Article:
How vaccine fear is tearing apart America's Orthodox Jewish community


New York state has become ground zero for the anti-vax movement. Dateline goes inside the close-knit Orthodox Jewish community being torn apart by vaccine fear and a measles outbreak.

Watch: 'America Measles Comeback'  on Dateline

Measles is highly contagious, and the World Health Organisation says the disease has increased in almost all regions across the globe. Albania, Czech Republic, Greece and Britain have all lost their measles elimination status. In the Democratic Republic of Congo, measles has killed more people in 2019 than Ebola.

Rockland County, in upstate New York, certainly doesn't feel like the epicentre of a major disease outbreak. It's beautiful, lush, and green. Tall, billowing cumulous clouds explode upwards - stark white shots in a deep blue sky. The streets are wide, without footpaths. People dressed in Hasidic Jewish clothing walk unhurriedly along grass verges.

A recent measles outbreak has stirred controversy in New York's Jewish community.

It's a far cry from the hysteria about the measles in the United States. But the facts are there – this country is in the midst of the worst outbreak in more than a quarter of a century. It's so bad, that the United States Centre for Disease Control (CDC) there's a reasonable chance that this country will lose its measles elimination status by October 2019.

That "measles elimination" status was hard won. Since the widespread introduction of a measles vaccine in the 1960s, the once-deadly virus was officially eliminated from the United States in the year 2000. Watching the glitchy video footage of President Clinton making the announcement that year, he looks pleased. Undoubtedly relieved to have something positive to announce after a tumultuous final two years in the White House.
But now, almost 20 years later – like special counsels and the threat of impeachment – measles is back. Rockland County's Orthodox Jewish community, with a low vaccination rate and frequent travel to other measles outbreak zones - like Ukraine and Israel – has felt the brunt of the outbreak. I'm here to talk to people about it, but I'm not having much luck.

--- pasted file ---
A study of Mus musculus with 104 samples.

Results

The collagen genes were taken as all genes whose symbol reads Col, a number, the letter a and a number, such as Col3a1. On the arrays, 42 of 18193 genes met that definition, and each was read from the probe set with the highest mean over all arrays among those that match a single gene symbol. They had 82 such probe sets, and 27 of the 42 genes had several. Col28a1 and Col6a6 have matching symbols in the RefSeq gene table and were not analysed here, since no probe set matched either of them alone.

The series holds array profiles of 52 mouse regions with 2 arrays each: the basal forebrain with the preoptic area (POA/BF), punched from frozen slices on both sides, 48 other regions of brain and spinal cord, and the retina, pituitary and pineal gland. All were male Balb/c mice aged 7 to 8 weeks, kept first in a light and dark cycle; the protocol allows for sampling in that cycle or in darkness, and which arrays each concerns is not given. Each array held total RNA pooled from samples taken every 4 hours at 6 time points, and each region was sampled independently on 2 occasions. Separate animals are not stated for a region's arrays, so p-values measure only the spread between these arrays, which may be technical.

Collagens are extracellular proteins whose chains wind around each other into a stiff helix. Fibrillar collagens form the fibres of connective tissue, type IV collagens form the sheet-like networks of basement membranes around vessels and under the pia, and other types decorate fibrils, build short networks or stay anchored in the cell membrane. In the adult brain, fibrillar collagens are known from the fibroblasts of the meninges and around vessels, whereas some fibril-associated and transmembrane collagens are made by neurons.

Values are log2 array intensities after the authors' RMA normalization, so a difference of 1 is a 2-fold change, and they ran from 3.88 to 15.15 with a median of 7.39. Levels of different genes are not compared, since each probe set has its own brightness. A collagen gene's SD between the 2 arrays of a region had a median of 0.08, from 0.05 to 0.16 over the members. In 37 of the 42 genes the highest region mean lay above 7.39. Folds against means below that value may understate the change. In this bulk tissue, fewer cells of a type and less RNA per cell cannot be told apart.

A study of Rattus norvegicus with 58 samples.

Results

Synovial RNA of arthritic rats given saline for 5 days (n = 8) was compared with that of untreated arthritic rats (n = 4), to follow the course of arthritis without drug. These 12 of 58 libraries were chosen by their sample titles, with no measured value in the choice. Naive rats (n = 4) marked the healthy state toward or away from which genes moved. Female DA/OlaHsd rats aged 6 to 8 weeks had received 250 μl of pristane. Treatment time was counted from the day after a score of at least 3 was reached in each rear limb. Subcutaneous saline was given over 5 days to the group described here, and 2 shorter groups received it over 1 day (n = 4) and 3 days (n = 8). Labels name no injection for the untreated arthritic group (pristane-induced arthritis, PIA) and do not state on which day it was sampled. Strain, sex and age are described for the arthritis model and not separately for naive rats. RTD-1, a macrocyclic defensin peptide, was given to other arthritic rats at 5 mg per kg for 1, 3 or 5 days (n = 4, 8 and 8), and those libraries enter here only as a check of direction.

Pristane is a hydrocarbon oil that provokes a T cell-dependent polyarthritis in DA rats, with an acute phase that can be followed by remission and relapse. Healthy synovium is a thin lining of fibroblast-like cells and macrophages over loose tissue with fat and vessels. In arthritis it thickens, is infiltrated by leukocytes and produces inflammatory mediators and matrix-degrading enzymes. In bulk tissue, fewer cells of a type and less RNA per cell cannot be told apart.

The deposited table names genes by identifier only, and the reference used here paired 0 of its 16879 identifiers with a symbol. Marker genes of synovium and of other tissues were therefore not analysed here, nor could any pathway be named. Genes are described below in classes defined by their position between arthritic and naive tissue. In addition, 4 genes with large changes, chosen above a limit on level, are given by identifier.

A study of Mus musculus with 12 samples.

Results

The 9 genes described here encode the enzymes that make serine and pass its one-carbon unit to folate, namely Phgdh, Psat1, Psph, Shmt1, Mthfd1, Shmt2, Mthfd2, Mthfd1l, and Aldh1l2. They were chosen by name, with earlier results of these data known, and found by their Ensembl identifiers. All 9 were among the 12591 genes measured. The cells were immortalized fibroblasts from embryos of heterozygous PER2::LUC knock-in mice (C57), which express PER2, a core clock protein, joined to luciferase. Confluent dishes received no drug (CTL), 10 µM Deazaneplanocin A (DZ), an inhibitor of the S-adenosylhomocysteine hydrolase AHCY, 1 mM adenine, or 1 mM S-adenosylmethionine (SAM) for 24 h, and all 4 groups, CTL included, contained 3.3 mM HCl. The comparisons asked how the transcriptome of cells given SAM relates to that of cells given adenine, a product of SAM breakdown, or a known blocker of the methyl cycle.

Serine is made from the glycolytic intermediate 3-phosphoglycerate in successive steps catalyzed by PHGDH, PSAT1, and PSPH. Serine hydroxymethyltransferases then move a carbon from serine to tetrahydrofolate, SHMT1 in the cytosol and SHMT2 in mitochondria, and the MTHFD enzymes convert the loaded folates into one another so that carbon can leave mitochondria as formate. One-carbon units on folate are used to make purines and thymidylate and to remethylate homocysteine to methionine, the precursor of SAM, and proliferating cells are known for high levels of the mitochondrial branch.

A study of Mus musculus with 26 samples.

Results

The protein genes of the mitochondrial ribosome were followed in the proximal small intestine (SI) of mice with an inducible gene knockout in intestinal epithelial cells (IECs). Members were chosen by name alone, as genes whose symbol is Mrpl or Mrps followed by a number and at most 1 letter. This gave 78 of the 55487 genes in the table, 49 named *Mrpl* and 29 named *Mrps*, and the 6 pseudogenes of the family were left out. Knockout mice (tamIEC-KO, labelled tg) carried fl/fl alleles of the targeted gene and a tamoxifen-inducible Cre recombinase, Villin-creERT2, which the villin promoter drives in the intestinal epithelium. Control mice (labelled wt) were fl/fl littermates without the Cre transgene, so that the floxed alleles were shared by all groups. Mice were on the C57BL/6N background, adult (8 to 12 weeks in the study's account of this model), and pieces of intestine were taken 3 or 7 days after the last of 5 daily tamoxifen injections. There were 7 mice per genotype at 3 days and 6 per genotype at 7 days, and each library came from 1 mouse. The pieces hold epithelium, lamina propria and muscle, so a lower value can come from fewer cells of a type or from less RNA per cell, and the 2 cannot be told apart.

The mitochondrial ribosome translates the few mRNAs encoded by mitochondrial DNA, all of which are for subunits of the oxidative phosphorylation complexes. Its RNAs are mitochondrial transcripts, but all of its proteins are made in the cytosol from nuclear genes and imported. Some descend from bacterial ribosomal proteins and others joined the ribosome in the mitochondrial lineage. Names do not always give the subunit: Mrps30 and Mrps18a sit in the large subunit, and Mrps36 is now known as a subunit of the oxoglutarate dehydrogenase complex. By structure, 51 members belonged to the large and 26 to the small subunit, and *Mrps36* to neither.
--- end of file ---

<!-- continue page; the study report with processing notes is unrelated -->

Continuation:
Dateline reporter Dean Cornish spoke to Matis about religion and vaccines.
Dateline reporter Dean Cornish spoke to Matis about religion and vaccines.

Ultra-Orthodox Jewish communities keep to themselves. And Monsey, a town which is mostly made up of this demographic, is a tough nut to crack. It's understandable – this town has become the by-word for measles. Outsiders are treated with suspicion – especially those from the media. An hour South, Orthodox Rabbi and infectious diseases specialist Aaron Glatt explains to me that this measles outbreak has added fuel to the fire of Antisemitism in his community. Combined with the battle lines being drawn between those who pro-vaccine and anti-vaccine, and the stigma put on those who have been sick with the disease – well, you have a demographic who is inclined not to want to be interviewed.

Except for Matis. He welcomes me exuberantly into his home. His many children run around front lawns and cavernous hallways so quickly, it's hard to count them all. It's a joyous and exuberant environment, and yes, Matis tells me, "they've all had their jabs".

Matis' point of view is that there's nothing in Judaism that forbids vaccinations. "We embrace science and medicine," he tells me. He's decided to speak out in the face of what he believes are negative stereotypes about his religion and community because of measles. And I'm grateful that he has. The other side, however, prove more difficult.

It's hard to really appreciate the various types of stigma that are wrapped up in a measles outbreak. Those who have experienced the disease find themselves berated by the pro-vaccine crowd – and also by the anti-vaccine crowd, for daring to speak out about their experience. Those who are vaccine-sceptical feel marginalized and driven underground. Like so many issues in the US in 2019, it feels hard to imagine a space where proactive discussion can be had between two deeply-divided sides.

Measles is highly contagious and complications of the disease can be fatal.

So, I didn't find a measles sufferer in Rockland County, New York. 'Pearl' (not her real name) spoke to the other Orthodox view on vaccination. "A baby's body is pure – a gift from God," she says. "You don't just start messing with a baby's immune system." Her views are echoed in literature circulated throughout the community. It's contributed to an incredibly low rate of immunisation in Rockland County – just 77 per cent. With a 95 per cent vaccination rate required to achieve 'herd immunity', the future doesn't look bright for this sleepy, verdant town in a previously-forgotten corner of upstate New York.

In an attempt to quell the spread of measles, New York state recently passed a law banning religious exemption for vaccines. Vaccine sceptics in the ultra-Orthadox community tell me, no problem – they'll home school their kids, or move to a different state. They're among a global trend of vaccine scepticism nation wide – fuelled by a deep mistrust of big pharmaceutical companies and the government, as well as the interpretation of religious teachings. As pro-vaccine Rabbi, Doctor Aaron Glatt tells me – "the measles vaccine has become a victim of its own success. No one remembers what a real measles outbreak looks like in America. So the threat of the vaccine seems greater than the threat of the disease. But the threat of the disease is real".